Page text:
Women entrepreneurs who’re making a difference through tech in Southeast Asia

Entrepreneurship and technology is generally dominated by males, giving many the perception that both are generally a ‘men’s field’. But they’re far from being right.

We are gradually we’re seeing women reigning at the top too.

A report in 2018 shows that 20 percent of the world’s technology field comprises of females. But it seems that women are gunning for top positions.

In the same year, Apple’s diversity report shows that 39 percent of its leaders under 30 were women.

With technology on the rise, it’s expected more women to fill up high level positions in the industry.

Here’s a look at women entrepreneurs who’re making it big in the Southeast Asian ecosystem.

Tan Hooi Ling, Grab

Grab is perhaps the most successful startup in Southeast Asia. It started as a small company that hails taxis for you, but it has become a massive ride-hailing service with 2.8 million drivers.

Many people think that Anthony Tan was the only one that started up Grab. But with out Tan Hooi Ling, the ride-hailing giant might have never even existed.

Hooi Ling received her education from Harvard Business School (HBS) where she was classmates with Anthony Tan. Together, they joined the HBS New Venture Competition in 2011 and pitched a “mobile app that connects taxi seekers directly with taxi drivers closest to their location in the chaotic Malaysian urban environment.”

They won US$25,000 for their idea which became their starting capital for Grab.

Hooi Ling worked with companies like consulting firm McKinsey & Company and Francisco-based software company Salesforce.

Now she is the COO of Grab and heads the product, human resources, and customer experience for the company.

Cheryl Yeoh, MaGIC

Cheryl Yeoh was the founding CEO of the Malaysian Global Innovation and Creativity Centre (MaGIC), a government-funded agency that supports entrepreneurship in Malaysia and ASEAN.

She co-founded startups like CityPocket and Reclip.it before being headhunted as CEO of MaGIC by the Malaysian government.

Yeoh is also the founder of the #movingforward campaign which encourages venture capitalists to commit to a diverse, inclusive and harassment-free workplace.

She was listed in TIME magazine’s 2017 Person of the Year and a ‘Silence Breaker’ who spoke out against sexual harassment in the workplace.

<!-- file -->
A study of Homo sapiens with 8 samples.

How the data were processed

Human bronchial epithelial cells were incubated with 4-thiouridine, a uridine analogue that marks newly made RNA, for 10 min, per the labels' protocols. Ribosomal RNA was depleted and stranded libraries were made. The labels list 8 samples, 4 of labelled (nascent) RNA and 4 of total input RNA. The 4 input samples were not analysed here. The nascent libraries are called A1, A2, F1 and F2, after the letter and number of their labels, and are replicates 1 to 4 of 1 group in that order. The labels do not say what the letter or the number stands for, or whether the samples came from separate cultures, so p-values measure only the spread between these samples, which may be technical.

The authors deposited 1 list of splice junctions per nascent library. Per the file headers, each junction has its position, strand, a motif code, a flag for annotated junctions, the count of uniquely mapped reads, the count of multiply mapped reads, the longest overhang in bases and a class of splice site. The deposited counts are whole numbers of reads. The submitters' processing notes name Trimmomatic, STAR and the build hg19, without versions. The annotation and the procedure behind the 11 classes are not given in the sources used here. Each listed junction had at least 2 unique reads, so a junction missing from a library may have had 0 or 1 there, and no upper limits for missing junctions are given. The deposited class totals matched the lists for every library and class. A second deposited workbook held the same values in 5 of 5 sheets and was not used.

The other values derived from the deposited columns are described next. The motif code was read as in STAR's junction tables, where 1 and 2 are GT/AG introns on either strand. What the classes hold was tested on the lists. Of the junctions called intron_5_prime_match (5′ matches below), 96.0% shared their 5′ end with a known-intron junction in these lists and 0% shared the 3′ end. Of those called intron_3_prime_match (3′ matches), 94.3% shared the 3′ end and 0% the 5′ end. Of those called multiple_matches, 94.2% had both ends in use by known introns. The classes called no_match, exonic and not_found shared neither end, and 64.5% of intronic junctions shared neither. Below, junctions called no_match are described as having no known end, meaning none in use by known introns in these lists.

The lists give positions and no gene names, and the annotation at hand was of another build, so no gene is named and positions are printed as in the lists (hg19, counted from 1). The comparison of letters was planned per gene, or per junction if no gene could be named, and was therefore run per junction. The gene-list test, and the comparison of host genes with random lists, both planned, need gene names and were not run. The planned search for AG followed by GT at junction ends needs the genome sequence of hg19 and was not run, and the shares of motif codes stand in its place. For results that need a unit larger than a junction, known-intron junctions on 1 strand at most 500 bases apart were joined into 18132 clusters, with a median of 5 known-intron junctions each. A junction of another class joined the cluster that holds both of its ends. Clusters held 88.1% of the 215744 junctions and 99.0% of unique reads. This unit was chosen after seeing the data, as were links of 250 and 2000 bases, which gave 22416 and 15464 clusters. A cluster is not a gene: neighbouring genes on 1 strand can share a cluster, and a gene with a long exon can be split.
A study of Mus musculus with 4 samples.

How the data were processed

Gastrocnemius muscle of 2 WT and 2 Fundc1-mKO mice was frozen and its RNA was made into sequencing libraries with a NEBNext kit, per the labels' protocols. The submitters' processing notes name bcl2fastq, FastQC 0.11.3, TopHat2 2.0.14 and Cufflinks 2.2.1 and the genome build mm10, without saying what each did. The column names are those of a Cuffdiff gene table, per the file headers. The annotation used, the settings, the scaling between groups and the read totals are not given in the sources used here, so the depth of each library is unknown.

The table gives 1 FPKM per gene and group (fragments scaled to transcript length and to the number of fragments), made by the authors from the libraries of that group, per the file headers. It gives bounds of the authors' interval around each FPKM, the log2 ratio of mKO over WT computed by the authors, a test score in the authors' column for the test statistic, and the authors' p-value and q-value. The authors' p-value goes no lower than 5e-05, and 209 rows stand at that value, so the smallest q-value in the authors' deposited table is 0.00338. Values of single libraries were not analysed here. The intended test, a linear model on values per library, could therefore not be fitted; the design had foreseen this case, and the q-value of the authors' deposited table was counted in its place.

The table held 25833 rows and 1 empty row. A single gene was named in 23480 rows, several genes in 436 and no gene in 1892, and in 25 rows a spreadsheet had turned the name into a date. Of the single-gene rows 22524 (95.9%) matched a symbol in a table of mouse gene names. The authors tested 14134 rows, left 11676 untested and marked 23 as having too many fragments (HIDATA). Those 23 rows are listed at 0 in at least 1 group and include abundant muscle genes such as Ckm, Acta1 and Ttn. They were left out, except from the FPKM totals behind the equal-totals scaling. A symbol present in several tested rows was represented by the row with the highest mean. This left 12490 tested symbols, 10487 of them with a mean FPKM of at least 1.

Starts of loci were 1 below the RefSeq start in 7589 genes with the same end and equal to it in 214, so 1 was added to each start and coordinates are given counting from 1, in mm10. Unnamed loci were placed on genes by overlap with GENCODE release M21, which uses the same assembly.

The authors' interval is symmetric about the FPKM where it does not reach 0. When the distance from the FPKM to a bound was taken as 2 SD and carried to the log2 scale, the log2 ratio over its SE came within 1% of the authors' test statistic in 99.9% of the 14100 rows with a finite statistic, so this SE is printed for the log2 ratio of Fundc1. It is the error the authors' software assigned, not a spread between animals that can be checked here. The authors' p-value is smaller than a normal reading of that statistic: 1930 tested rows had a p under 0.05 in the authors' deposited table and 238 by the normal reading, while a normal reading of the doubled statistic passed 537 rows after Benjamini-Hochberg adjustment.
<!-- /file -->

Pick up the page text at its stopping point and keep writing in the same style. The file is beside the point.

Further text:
Rachel de Villa, Cropital

Rachel de Villa is well known in the Philippines for using her programming skills to help farmers in her home country.

She developed Cropital in 2015, a crowdfunding platform that allows users to invest into farms or farmers to grow their crops. Users that invested will also get some returns when its harvest time ranging from 3 to 30 percent.

Just one year after starting up the company, de Villa was featured in Forbes 30 Under 30 Asia 2016 for the Finance & Venture Capital category.

The company is now recognized and supported buy many countries including U.S., Netherlands, and Malaysia.

Josephine Chow, ShopBack

Josephine Chow is the co-founder of the ShopBack app, a service that unifies merchants and ecommerce platforms into one location. It also provides cashback deals when buying products from their listed providers.

Shopback was founded in 2014. Chow alongside her business partner Lai Shanru aimed to make the online purchasing easier and reward customers for spending.

Chow now leads the international expansion for the company which she helped grow to seven countries and bring in over 2,000 merchants.

As of 2020, Malaysian users have earned more than US$14.43 million worth in cashback and highest accumulated cashback earned by a single user is US$16,627.

Vivy Yusof, Fashion Valet

Vivy Yusof is the founder of Fashion Valet which she launched in 2010 together with her husband. Fashion Valet focuses on selling fashion apparels, shoes, and accessories.

It also offers garments for women, men, and kids from modest and contemporary to lingerie, accessories, shoes, and swimwear.

Yusof started with a capital of US$25,000 and managed to grow a company to carry over 150 brands.

From being just an online store in Malaysia, the brand now operates in 15 countries including Singapore, Brunei, U.K., U.S., the Middle East, and Australia.

National ’s Day happens on March 8, stay tuned to Mashable Southeast Asia as we will be listing down the locations around Southeast Asia where the marches will be held.